Digital skills a concern for marketers with a new decade on the horizon

December 3, 2018 by Aimee0

With a new decade just a little over 12 months away, Australian marketers are becoming more concerned that they do not have the digital skills required to succeed and that there may soon be a shortage of talented professionals in the industry.

A new report, titled 20/20 Vision: A Marketing Leader’s View of Digital’s Future, published by the Digital Marketing Institute, highlights a growing anxiety among marketers about their ability to manage content campaigns effectively in the future. However, the majority are expected to spend considerably more in this area in 2020 and beyond.

Of the 200 executives and senior marketing professionals surveyed, 47% said they have already seen a “significant” uptick in digital marketing spending during the last two years, and 73% plan to increase investment further by the start of the new decade. Digital marketing now accounts for 55% of marketing budgets on average.

Brands now have a variety of channels and tools available to them, so it’s no surprise that many are focusing on different marketing disciplines to get ahead. Organic social media is currently the second most popular digital channel, with 71% stating that it is “highly effective,” while SEO (69%) also ranks in the top five.

The diversity of digital marketing is demonstrated by marketers running high-quality content marketing campaigns alongside voucher systems, apps and display advertising to maximise reach and engagement. However, the growing number of channels means a greater mix of digital expertise is required to get the very best out of them.

Tech changes are also on the horizon, as respondents said artificial intelligence and automation will be among the most important advances. Just under half said they are finding it difficult to keep pace with the ever-evolving digital landscape, and many are worried that their competitors are a step ahead in this regard.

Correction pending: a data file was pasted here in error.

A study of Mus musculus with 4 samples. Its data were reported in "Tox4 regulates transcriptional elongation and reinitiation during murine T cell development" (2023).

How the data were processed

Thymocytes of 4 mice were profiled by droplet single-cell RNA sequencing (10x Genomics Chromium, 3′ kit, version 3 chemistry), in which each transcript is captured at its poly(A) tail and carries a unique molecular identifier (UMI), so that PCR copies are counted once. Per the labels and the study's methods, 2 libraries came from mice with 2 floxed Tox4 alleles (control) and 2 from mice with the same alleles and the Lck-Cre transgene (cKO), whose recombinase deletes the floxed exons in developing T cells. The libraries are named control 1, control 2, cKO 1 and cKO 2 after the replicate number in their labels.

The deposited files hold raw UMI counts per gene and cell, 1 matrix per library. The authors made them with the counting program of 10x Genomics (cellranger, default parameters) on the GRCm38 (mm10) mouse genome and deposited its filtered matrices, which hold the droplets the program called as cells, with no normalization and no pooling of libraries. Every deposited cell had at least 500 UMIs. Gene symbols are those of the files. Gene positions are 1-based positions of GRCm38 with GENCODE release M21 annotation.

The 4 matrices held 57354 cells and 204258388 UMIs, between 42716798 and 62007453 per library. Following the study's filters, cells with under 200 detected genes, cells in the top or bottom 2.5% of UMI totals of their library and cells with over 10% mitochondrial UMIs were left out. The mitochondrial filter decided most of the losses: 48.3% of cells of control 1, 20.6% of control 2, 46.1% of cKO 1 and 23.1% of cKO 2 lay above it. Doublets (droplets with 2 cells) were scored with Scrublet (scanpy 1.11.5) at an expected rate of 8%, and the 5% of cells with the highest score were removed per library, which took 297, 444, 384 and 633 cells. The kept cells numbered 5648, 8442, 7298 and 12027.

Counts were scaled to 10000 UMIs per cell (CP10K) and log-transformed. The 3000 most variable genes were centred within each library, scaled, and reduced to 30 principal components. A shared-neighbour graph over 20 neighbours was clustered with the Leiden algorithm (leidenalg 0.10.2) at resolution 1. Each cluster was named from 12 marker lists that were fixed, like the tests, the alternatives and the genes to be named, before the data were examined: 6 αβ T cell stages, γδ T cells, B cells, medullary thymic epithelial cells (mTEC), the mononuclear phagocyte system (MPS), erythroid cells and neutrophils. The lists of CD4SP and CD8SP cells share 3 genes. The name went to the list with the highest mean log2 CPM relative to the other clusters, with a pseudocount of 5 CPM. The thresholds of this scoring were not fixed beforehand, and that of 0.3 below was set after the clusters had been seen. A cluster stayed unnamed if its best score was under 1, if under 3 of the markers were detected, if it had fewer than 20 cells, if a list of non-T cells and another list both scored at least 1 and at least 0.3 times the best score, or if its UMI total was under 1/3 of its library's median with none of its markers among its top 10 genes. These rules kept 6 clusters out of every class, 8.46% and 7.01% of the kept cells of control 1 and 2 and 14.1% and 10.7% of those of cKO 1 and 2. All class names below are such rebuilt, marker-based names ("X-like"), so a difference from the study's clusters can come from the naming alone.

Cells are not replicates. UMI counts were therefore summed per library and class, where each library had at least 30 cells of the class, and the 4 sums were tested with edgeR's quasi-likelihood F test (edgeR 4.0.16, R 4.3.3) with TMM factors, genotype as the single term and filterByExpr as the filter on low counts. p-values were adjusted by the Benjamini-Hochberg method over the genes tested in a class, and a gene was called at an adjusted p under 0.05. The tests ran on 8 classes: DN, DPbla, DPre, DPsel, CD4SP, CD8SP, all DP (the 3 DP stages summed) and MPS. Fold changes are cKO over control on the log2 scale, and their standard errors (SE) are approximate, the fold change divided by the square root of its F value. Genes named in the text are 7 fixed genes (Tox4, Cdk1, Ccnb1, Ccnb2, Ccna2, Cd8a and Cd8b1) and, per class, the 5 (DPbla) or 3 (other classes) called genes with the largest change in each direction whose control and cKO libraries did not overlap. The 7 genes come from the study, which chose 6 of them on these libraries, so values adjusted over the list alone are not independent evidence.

Organisations that are falling behind fear losing market share and revenue to digitally transformed competitors, as the latter usually can deliver better content experiences and diverse customer journeys by using new tech. The skills gap is felt here again, as respondents said SEO and organic social media were areas where there is the greatest chasm in skills.

Brands are addressing the issue by partnering with specialist agencies, and work with these third parties will continue to be a focus for those looking to ease the transition to full digital services by 2020. Marketers are also hopeful of more in-house training, upskilling and reskilling.

“As digital technologies rapidly transform business, marketers are recognising the need to invest more resources in training and closing skills gaps,” Digital Marketing Institute CEO, Ken Fitzpatrick, said. “There is an urgency to cultivate a talent pool that possesses the skills necessary to help their organisations remain competitive and relevant in the digital economy.”

He added: “To be successful in 2020 and beyond, a culture that promotes professional development, upskilling, and reskilling is going to be just as important in digitisation as emerging technologies, effective strategies and increased budgets.”